With the celebration of Earth Day recently and spring cleaning on the minds of countless homeowners, it’s a great time to make homes more earth-friendly and energy efficient. The truth is, with only a few small, affordable changes, homeowners could be on their way to saving 20% or more on monthly energy costs. Here, the home-efficiency professionals from Service Experts share tricks on how to start saving right now.
1. Install a Smart Thermostat
A smart thermostat normally saves between 12% to 23% on an energy bill, and it’s also a remarkable tool to reduce carbon emissions from a household. How does this happen? Smart thermostats provide more functions than simply programming the time of day for the heating or cooling system to turn on or off. Several smart thermostats are intuitive and can detect changes in energy usage patterns and home activity. They can also be programmed remotely, and can be programmed to send a notification to homeowners about changes that may cause a major increase to their energy bill.
“This technology saves you money and also makes life easier,” explained Service Experts’ Lisa Lange. “It’s a low-cost way to improve energy efficiency in your home immediately.”
2. Schedule a Heating and Cooling System Tune-Up
Before the summer heat starts, another eco-friendly move is to reach out to an Expert for an air-conditioning system tune-up. It will help homeowners avoid major repairs during the busy season for HVAC pros and a system that performs optimally minimizes reliance on fossil fuel energy sources.
A routine servicing involves cleaning all of the system’s key components, in addition to testing and making adjustments to the unit’s operating system. In addition to checking refrigerant levels and changing out air filters, the condenser located outside the house should also be cleaned and inspected.
“During your tune-up, it’s a great time to tap the expertise of an HVAC pro,” explained Lisa Lange. “We encourage customers to ask about thermostat settings, when to change air filters and bring any other questions they may have about the energy efficiency of their home.”
3. Add Insulation
Putting insulation in a home is a green tip that could help save up to 20% on an electricity bill. In many homes, air leaks out through attics, crawl spaces and basements. If a room is drafty and has trouble holding a consistent temperature, it may be time to check attic insulation. Cold floors could also be a sign that basement insulation isn’t sufficient. All of these concerns also lead to higher energy consumption, which leads to elevated carbon emissions.
“Many homeowners are surprised when they learn their home is under-insulated, but it’s actually quite common,” said Lange. “The good news is that, just like a smart thermostat, you can see the utility cost savings from this decision very quickly. You will also take comfort in knowing that you are helping improve our environment through reduced emissions.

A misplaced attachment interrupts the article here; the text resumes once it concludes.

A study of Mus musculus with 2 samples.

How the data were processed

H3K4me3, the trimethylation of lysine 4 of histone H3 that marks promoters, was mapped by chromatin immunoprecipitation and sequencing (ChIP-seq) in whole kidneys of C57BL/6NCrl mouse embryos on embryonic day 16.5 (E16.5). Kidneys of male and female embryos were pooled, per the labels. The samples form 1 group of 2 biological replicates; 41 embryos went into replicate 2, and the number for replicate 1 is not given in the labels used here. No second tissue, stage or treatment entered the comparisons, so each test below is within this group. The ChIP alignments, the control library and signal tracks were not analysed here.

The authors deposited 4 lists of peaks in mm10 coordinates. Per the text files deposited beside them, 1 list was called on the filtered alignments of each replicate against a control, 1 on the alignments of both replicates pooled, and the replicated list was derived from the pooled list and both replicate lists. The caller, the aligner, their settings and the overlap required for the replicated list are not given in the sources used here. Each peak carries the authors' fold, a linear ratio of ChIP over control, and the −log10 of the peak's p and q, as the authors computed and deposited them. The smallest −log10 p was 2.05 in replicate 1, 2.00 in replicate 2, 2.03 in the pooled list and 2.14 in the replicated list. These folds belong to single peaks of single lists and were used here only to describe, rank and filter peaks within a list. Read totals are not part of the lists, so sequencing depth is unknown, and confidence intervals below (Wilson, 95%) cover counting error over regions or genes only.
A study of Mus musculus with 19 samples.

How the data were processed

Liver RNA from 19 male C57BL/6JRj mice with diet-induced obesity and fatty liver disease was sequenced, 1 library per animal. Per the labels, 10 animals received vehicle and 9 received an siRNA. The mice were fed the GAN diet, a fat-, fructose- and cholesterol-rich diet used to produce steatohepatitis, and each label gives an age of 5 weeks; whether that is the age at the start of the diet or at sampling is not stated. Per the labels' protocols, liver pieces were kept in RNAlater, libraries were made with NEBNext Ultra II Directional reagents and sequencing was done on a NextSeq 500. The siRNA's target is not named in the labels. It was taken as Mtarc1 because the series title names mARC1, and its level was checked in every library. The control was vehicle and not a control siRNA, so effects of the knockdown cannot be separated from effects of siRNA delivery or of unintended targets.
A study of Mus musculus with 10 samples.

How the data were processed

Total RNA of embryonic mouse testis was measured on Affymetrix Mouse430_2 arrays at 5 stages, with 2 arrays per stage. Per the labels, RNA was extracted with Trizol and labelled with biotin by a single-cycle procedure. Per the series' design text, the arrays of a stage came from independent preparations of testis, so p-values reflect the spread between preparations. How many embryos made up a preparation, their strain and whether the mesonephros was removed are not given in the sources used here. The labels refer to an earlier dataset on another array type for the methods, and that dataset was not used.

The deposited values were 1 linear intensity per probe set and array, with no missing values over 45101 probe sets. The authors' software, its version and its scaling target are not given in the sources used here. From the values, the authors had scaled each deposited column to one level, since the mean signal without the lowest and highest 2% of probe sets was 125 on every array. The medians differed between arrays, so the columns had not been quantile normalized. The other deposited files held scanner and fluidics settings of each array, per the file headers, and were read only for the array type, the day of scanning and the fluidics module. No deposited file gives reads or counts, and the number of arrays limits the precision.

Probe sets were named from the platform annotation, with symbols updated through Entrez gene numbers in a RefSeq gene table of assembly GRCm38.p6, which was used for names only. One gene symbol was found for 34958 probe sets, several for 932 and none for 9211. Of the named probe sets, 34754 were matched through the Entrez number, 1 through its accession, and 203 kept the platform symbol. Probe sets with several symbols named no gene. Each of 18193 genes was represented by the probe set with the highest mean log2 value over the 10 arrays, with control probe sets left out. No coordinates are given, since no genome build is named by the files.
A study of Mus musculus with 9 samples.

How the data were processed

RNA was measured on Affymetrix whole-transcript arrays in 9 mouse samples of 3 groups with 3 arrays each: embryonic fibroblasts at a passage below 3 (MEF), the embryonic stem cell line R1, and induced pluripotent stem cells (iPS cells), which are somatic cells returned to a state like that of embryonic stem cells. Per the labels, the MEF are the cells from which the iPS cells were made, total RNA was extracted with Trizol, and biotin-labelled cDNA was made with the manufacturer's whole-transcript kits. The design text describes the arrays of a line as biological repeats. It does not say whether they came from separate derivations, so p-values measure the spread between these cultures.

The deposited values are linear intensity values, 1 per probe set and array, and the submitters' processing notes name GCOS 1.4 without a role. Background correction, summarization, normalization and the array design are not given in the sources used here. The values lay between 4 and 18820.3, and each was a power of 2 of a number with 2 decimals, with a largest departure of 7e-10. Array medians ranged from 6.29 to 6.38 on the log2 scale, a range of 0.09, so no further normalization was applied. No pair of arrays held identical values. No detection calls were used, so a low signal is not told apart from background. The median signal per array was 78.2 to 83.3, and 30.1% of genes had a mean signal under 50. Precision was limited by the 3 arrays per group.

4. Make Sure Your Residence Is Airtight
Windows, ductwork, light sockets and weather stripping around doors are all locations in the home subject to leaks and heat loss or gain (in summer, no one wants steamy air seeping in). Let Earth Day be a signal to green up these areas of the house by doing some easy repairs. Upgrading old weather stripping and caulking around windows are two inexpensive tasks that are relatively easy to tackle, said Lange, and will lower the load on HVAC systems and the electrical grid too.
5. Consider an Energy Zoning System
To develop a comfort zoning system for a home, a certified HVAC professional identifies locations in a house based on its layout, sun exposures and the amount of energy demand different areas have. The HVAC pro can then design a system that precisely distributes air throughout the home weighing comfort and energy efficiency. These systems usually involve several thermostats and adjustments to the ductwork. When paired with a smart thermostat, they can substantially improve comfort, save customers more than 30% on their energy bill and noticeably reduce a home’s greenhouse gas emissions.
“How many times in a day do we heat or cool a room no one is using? It happens all the time, and it adds up to significant energy waste, and these systems are an optimal solution,” Lange said.
6. Buy Energy-Efficient Light bulbs
If a homeowner’s finances don't allow for major upgrades, replacing traditional incandescent light bulbs with energy-efficient LEDs is an inexpensive, eco-friendly decision with a large impact on the environment. The majority of LEDs will last up to seven years and use about 90% less electricity than traditional bulbs.
7. Consider Solar Energy
With some 30% in federal tax credits available to bring down the expense of a solar installation, there may never be a better time to install one on a home. Over their lifetime, these quality, energy-producing systems can produce an average savings of about $60,000 and greatly reduce a household's cumulative carbon footprint.
“We have the best program in the country. Our experts will develop an energy savings plan that will help you get the most out of your system and show you’re making a direct positive impact on the environment,” Lange said.
To learn more about how to make a home more energy efficient, visit ServiceExperts.com.